Mike Trout homers as Angels beat Athletics for first win of the season

The Angels didn’t do much on offense Friday, only two swings resulting in runs scoring.

But that was enough, given that they limited the Oakland A’s to just one productive cut.

Mike Trout homered in the first inning and scored on an error in the ninth, and that was exactly what the Angels needed because of everything that didn’t happen in between.

Starting pitcher Tyler Skaggs and the bullpen — with some ninth-inning drama from Blake Parker — bested the A’s for a 2-1 victory, the Angels’ first of the season.


Skaggs gave up three singles in 6 1/3 innings and allowed just one runner to advance beyond first base.

The left-hander was dominant and then some, 60 of his 98 pitches going for strikes. During one stretch, he retired 14 of 16 Oakland batters. He struck out five and walked none.

Even when he gave up something that appeared threatening, Skaggs had his teammates to help him out. Right-fielder Kole Calhoun made a full-extension diving catch of a Marcus Semien drive to open the bottom of the sixth.

“It was unbelievable,” Skaggs said. “That was a game-changer for me personally. Just a huge, really huge play.”


Circling the mound afterward, Skaggs applauded into his glove and then raised his hand to salute Calhoun.

“I thought he wasn’t going to catch it,” Trout admitted. “But that’s Kole.”

When Skaggs was finished, the bullpen was just starting. Entering with one out in the seventh, Blake Wood retired the first batter he faced. He then allowed a single to Chapman and hit Jonathan Lucroy with a 1-2 pitch.

With a sense of doom beginning to stir, the game’s next big strike was delivered by Angels catcher Martin Maldonado, who picked off Lucroy at first base to suddenly end the inning.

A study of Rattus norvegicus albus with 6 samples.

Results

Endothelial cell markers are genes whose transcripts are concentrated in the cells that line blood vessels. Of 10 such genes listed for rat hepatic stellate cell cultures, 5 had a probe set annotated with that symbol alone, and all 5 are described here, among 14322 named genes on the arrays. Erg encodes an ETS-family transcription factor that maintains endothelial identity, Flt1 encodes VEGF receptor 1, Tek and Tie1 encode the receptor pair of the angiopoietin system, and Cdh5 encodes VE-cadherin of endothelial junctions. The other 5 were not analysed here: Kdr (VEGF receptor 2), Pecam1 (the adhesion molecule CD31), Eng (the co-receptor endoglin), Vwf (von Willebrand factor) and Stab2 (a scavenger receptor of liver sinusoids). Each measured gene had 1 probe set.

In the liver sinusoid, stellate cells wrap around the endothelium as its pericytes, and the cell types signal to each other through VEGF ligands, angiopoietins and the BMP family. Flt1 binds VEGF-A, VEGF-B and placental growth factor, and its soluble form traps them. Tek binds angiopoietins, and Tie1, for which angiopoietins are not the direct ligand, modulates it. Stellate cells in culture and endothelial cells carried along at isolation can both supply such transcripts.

“It was awesome,” said Maldonado, who was then asked if he preferred that play to hitting a home run. “I’d take this,” he said, “over a homer.”

The eighth inning belonged to Keynan Middleton, who gave up a leadoff double to pinch-hitter Matt Joyce.

Firing his fastball in the upper 90s, Middleton responded thusly: strike out, ground out and fly out, stranding Joyce at third to set up the ninth for Parker.

The right-hander gave up two singles and a walk, the A’s scoring their only run with two outs on a Lucroy single. Parker then got Joyce on a ground ball to end it.


“I think I was a little amped up going into it,” said Parker, whose biggest issue was command of his fastball. “First opportunity to get a save. Just take that experience into the next one and be a little more relaxed.”

Trout’s impact Friday happened quickly. After falling behind in the count 0-2 in the first inning, he worked his way back to 3-2 and then hit an 84-mph Sean Manaea changeup on a line at 110 mph into some empty concrete seats beyond left field.

In his first plate appearance after going hitless in six opening day at-bats — something Trout never had done in his career — he needed barely a minute to set the Angels’ world right again.

Second baseman Ian Kinsler made his Angels debut after missing the opener because of groin tightness.


He finished with a single in four at-bats but was pulled from the game entering the bottom of the ninth. Manager Mike Scioscia said Kinsler was lifted because of “fatigue.”

More notable was the player who didn’t start Friday.

One day after going 1 for 5 in his first big-league game, Shohei Ohtani wasn’t in the lineup, Scioscia going with Chris Young at designated hitter.

With the left-handed Manaea starting for Oakland, Scioscia said he liked the matchup with Young and also wanted to get the team’s fourth outfielder some at-bats.


Ohtani was available to pinch-hit or pinch-run, his speed considered exceptional.

Scioscia further explained that Ohtani will not be used offensively Saturday, unless the circumstances of the game become so extreme that the Angels have no other choice.

Ohtani is scheduled to make his pitching debut Sunday in the finale of this four-game series. As of now, the plan is to limit his use as much as possible right before he starts.

“The day before he pitches,” Scioscia said, “is definitely a day where we’re going to want him to get into that pitching mode.”